Email Hack: Strategy Team Talks Rapid Content Creation
Jun 19, 2015
As audiences expect everything faster, how can content marketers keep up with the demand without completely ignoring quality? How does quality fit in with the other key factors, including speed and message?
Cait Smith, Executive Strategy Director, came across this on Fortune – a video explaining Snapchat from the CEO of Snapchat. She shared the article, along with a few questions and thoughts, to the strategy team.
The goal of their discussion? To determine what this video tells us about the future of storytelling.
Cait’s e-mail kicks off the conversation, and others’ responses follow:
First, a question: Brittany, can you give a hypothesis of how they got this placed in Fortune? Do you think it was “pitched” or just picked up organically? The video on YouTube had 230 views when I first watched it, which was 14 minutes after the publication’s timestamp.
Things I find interesting about this video:
- Horrible production quality
- Sound is manageable, but barely
- Rough, sketched visuals in a notebook to explain a concept
- Speaker is wearing a stretched out undershirt that he likely slept in or wore all of last week
This is definitely a living manifestation of their vision for, “Instant expression as who you are right now.”
I would guess they spent 9 minutes total on the production, planning and creation of this video. What does this continue to tell us about the future of storytelling? How can we become more focused on message, speed, imperfection and quality of information vs. quality of production? Is sharing content rapidly, imperfectly, quickly mostly reserved for companies and CEOs who have already “made it?” It seems easier for this guy to do this because brand credibility has already been earned. There are times when production quality matters tremendously….but how often?
Laura Chang, Social Media/Community Specialist:
I feel like the video is a representation of Snapchat and the culture around it.
The video quality looks similar, if not worse, than what I would post in my own Snapchat story (if you want to follow me: @eungeejang). It seems to align with something that a regular user would create. Not sure if that was what they were going for.
In terms of rapid content, I think we expect everything faster and as close to real time as possible, which is everything Snapchat represents. There’s no editing or capability of saving a video or photo for later. You either post it now or you don’t post it at all. Followers and friends also only have 24 hours to view your story before it disappears forever.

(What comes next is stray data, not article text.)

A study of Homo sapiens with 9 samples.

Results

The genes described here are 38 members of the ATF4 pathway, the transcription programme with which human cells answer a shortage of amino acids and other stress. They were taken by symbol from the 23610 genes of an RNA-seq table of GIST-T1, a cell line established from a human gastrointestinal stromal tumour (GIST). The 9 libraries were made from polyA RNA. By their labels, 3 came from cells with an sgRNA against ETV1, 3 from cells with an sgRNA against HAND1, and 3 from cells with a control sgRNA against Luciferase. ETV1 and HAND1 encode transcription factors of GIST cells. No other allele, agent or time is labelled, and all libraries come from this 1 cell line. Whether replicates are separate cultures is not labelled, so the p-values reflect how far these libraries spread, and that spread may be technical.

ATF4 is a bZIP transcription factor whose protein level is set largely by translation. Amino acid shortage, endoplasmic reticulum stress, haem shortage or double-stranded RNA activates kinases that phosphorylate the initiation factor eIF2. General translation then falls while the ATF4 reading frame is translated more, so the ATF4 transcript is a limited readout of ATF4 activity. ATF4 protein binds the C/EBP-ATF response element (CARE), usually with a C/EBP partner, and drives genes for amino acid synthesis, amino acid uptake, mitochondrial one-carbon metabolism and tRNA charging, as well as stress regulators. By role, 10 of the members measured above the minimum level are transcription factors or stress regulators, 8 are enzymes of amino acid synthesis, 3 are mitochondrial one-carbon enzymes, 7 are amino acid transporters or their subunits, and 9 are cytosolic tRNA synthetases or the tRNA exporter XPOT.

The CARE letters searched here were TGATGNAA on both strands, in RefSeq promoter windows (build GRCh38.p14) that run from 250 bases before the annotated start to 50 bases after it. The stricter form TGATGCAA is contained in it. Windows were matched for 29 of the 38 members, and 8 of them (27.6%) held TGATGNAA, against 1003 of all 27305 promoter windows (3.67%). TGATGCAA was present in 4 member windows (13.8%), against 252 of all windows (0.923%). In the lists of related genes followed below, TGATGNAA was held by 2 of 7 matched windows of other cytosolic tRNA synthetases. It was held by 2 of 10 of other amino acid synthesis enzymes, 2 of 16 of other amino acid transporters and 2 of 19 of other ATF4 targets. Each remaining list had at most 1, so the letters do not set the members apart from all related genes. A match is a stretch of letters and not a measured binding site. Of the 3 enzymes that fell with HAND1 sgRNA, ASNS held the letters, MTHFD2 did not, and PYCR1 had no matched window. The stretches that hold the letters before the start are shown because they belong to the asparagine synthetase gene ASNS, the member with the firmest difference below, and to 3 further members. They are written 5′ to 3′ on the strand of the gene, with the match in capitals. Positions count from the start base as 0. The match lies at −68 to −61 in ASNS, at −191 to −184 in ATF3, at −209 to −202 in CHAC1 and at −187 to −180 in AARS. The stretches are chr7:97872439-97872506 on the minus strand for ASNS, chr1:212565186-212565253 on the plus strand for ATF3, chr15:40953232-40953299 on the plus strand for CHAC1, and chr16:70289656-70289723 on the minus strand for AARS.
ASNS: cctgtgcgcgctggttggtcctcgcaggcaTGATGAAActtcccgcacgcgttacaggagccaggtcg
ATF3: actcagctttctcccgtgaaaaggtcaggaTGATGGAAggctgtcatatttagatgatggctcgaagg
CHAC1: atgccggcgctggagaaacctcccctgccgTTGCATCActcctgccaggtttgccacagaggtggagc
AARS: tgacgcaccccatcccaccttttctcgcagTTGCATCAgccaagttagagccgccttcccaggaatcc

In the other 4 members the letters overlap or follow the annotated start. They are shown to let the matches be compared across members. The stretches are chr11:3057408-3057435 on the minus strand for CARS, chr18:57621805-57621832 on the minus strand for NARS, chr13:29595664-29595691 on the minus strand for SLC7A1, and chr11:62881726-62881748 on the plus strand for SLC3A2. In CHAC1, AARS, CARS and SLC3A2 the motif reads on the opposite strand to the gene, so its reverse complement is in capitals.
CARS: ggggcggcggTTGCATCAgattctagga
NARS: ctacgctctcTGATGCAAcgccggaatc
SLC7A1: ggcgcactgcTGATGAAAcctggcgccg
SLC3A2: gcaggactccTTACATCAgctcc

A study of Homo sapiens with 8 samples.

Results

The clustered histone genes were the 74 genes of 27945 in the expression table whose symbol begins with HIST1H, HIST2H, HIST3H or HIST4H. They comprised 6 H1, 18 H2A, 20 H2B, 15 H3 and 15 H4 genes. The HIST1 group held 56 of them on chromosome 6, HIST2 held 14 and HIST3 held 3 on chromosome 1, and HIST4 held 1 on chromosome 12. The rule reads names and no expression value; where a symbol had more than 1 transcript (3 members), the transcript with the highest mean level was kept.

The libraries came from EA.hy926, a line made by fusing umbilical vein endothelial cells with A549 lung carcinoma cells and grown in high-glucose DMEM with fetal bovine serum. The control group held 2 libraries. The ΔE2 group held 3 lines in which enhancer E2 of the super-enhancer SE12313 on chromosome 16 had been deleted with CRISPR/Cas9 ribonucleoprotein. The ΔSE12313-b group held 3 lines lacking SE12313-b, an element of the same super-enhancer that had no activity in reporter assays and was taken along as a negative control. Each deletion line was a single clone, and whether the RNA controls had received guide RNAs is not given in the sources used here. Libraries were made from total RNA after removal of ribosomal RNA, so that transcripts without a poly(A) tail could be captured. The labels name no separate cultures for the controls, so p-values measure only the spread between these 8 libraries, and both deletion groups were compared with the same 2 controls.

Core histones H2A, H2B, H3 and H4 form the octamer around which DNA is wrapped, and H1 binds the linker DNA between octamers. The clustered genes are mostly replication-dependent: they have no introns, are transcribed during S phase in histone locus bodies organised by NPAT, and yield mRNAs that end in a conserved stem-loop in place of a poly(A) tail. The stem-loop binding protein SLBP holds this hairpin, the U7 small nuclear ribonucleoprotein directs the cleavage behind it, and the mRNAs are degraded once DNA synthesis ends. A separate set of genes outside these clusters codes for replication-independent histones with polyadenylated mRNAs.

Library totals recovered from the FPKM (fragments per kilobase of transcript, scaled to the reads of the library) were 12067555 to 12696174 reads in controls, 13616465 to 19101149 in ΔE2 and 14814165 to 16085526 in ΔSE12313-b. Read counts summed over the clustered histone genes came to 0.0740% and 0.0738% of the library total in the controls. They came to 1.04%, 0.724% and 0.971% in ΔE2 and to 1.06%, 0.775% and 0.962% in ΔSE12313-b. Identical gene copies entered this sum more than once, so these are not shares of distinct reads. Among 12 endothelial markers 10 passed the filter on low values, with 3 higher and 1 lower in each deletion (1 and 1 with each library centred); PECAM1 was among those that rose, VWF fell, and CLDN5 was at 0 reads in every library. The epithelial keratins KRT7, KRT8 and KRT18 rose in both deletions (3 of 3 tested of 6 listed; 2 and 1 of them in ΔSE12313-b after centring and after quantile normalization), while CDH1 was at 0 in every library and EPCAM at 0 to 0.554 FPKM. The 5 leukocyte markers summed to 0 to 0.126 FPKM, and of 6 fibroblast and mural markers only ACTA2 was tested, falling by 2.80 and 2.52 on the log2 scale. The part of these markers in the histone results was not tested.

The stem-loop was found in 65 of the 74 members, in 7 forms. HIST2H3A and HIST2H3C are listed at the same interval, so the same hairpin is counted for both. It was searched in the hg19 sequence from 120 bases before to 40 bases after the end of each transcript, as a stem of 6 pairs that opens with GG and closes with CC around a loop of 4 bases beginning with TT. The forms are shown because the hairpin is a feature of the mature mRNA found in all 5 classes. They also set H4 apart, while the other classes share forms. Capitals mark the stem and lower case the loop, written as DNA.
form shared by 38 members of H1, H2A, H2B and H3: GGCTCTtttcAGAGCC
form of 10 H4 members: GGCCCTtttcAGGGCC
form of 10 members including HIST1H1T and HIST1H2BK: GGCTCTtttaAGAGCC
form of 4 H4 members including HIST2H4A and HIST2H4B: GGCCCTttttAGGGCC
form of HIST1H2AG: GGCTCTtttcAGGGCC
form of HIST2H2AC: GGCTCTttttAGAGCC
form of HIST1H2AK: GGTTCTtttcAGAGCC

In my opinion, only an established company like Snapchat could get away with this kind of quality. If this was just uploaded to YouTube under a company name I wasn’t aware of, I doubt I would have taken the time to watch or learn about the company.
It’s one thing to use a product and know the quality of that product then see a video like this rather than using a video of this quality to get awareness of a product you don’t know anything about yet. I would automatically perceive the quality of the product to be level with the quality of the video.
Kate Williamson, Executive Strategy Director
I don’t think there was much thought or strategy from the CEO’s point-of-view about what the video would yield, say about the credibility of himself or Snapchat, or what kind of “image” it would create.
And that’s the beauty of it. He’s living his philosophy/eating his own lunch/swallowing his own medicine.
The concept of “instant expression” from the video—that our identity is who we are in THIS moment—could not be realized without instant execution.
He’d be fist punching his own philosophy if he edited the video, fixed the audio, or, you know, put on a shirt.
Brittany Kotary, Influencer Relations Specialist
Totally agree on all points!
The reporter, Kia Kokalitcheva (say that ten times fast) @imkialikethecar, covers Silicon Valley Tech news and has previously written about Snapchat, Evernote and related tech/startups. She is likely assigned to this beat, making her a perfect target for this kind of news. I’m assuming she was pitched/tipped off by Snapchat or Snapchat’s PR agency though, it’s unlikely she just stumbled upon the video since it was just posted today too (unless she, or an intern, just refreshes their page? which I guess could be possible but seems terrible). Their PR team probably sent it to her under embargo – an agreement with a company/brand and a journalist that the journalist will hold a piece of information or a story until a set time. This is yet another reason why making and maintaining strong and trustworthy relationships with influencers is so so important!
From the post dates on Google News, it looks like Fortune was one of the first to post about it. A lot more pubs/people talking about the video and the casual style:
Rapid content can be successful – but so many factors need to be considered. The message, your audience, your brand image and more.
What are your thoughts on rapid content creation? Is it something every brand can pull off? Where’s that line between quality and speed? Reach out to us on social media!